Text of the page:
Tuesday, June 26, 2007

Canadian Anglicans reject blessing same-sex unions

Canadian Anglicans reject blessing same-sex unions
Sun Jun 24, 2007 7:32 PM EDT

By Roberta Rampton

WINNIPEG, Manitoba (Reuters) - Bishops of the Anglican Church of Canada narrowly overruled clergy and laypeople on Sunday to defeat a proposal to give churches the option of blessing same-sex unions.

The issue has threatened to split both the Canadian church and the 77-million member Worldwide Anglican Communion, a loose federation of national churches around the world whose members do not agree on how the 450-year-old church should minister to homosexuals.

The Canadian bishops voted 21 opposed to 19 in favor of giving churches the option of blessing same-sex unions. Clergy and laity voted in favor by larger margins, but the proposal had to pass in all three orders to be implemented.

The blessing is not a marriage ceremony but rather a ritual by a priest recognizing the relationship. It is sometimes performed for heterosexuals as well and offers prayers for the couple's future.

"There will probably be some measure of pleasure (in the Anglican Communion) in that we have not moved ahead," said Bishop Fred Hiltz, who will be installed as the new primate or leader of the 640,000-member Canadian church on Monday.


Earlier on Sunday, the church's general synod, its highest decision-making body, agreed that blessing same-sex unions is not in conflict with core doctrine -- a result that disturbed the conservative wing of the church.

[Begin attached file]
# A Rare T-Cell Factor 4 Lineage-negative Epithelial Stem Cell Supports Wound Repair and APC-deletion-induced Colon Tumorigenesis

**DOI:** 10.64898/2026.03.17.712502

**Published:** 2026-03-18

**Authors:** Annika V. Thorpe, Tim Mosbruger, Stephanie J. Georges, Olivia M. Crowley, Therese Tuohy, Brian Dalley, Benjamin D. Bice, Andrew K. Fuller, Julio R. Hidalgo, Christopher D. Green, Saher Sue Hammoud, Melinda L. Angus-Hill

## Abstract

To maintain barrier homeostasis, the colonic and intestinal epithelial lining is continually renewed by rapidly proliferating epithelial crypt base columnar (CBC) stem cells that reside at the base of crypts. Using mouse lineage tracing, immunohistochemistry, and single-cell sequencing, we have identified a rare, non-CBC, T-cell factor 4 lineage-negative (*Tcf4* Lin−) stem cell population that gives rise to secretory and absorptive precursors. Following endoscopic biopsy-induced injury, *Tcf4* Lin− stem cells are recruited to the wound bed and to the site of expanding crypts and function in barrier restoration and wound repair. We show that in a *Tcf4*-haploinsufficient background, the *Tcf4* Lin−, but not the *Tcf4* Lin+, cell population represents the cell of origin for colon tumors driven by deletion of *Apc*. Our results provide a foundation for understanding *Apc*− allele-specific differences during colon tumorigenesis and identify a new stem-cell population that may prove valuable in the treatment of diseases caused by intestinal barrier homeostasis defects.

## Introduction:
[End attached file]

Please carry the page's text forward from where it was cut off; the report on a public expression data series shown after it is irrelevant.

Orthodox Anglicans believe sex outside of heterosexual marriage is contrary to Biblical teachings. But liberal Anglicans believe in a broader reading of scripture.

"There's no question there will be considerable disappointment on the part of many, and a lot of pain, and there will be some people who will be saying, 'How long, oh Lord, how long must this conversation continue?"' said Hiltz, 53, who voted in favor of same-sex blessings.

Canada is one of the few countries in the world that has legalized gay marriage, although churches are not compelled to perform the ceremonies.

One British Columbia diocese has allowed blessings of same-sex unions, and it will argue on Monday that it should be allowed to continue. Same-sex unions include civilly married gays or lesbians, or those in a lifelong committed monogamous relationship.

A Toronto parish has said it will continue to bless same-sex couples, no matter what the synod's decision.

The Anglican Communion, which is dominated by the more conservative "Global South" of Africa, Asia and Latin America, gave the U.S. Episcopal Church a September deadline to stop blessing same-sex unions and to declare a moratorium on consecrating openly gay bishops.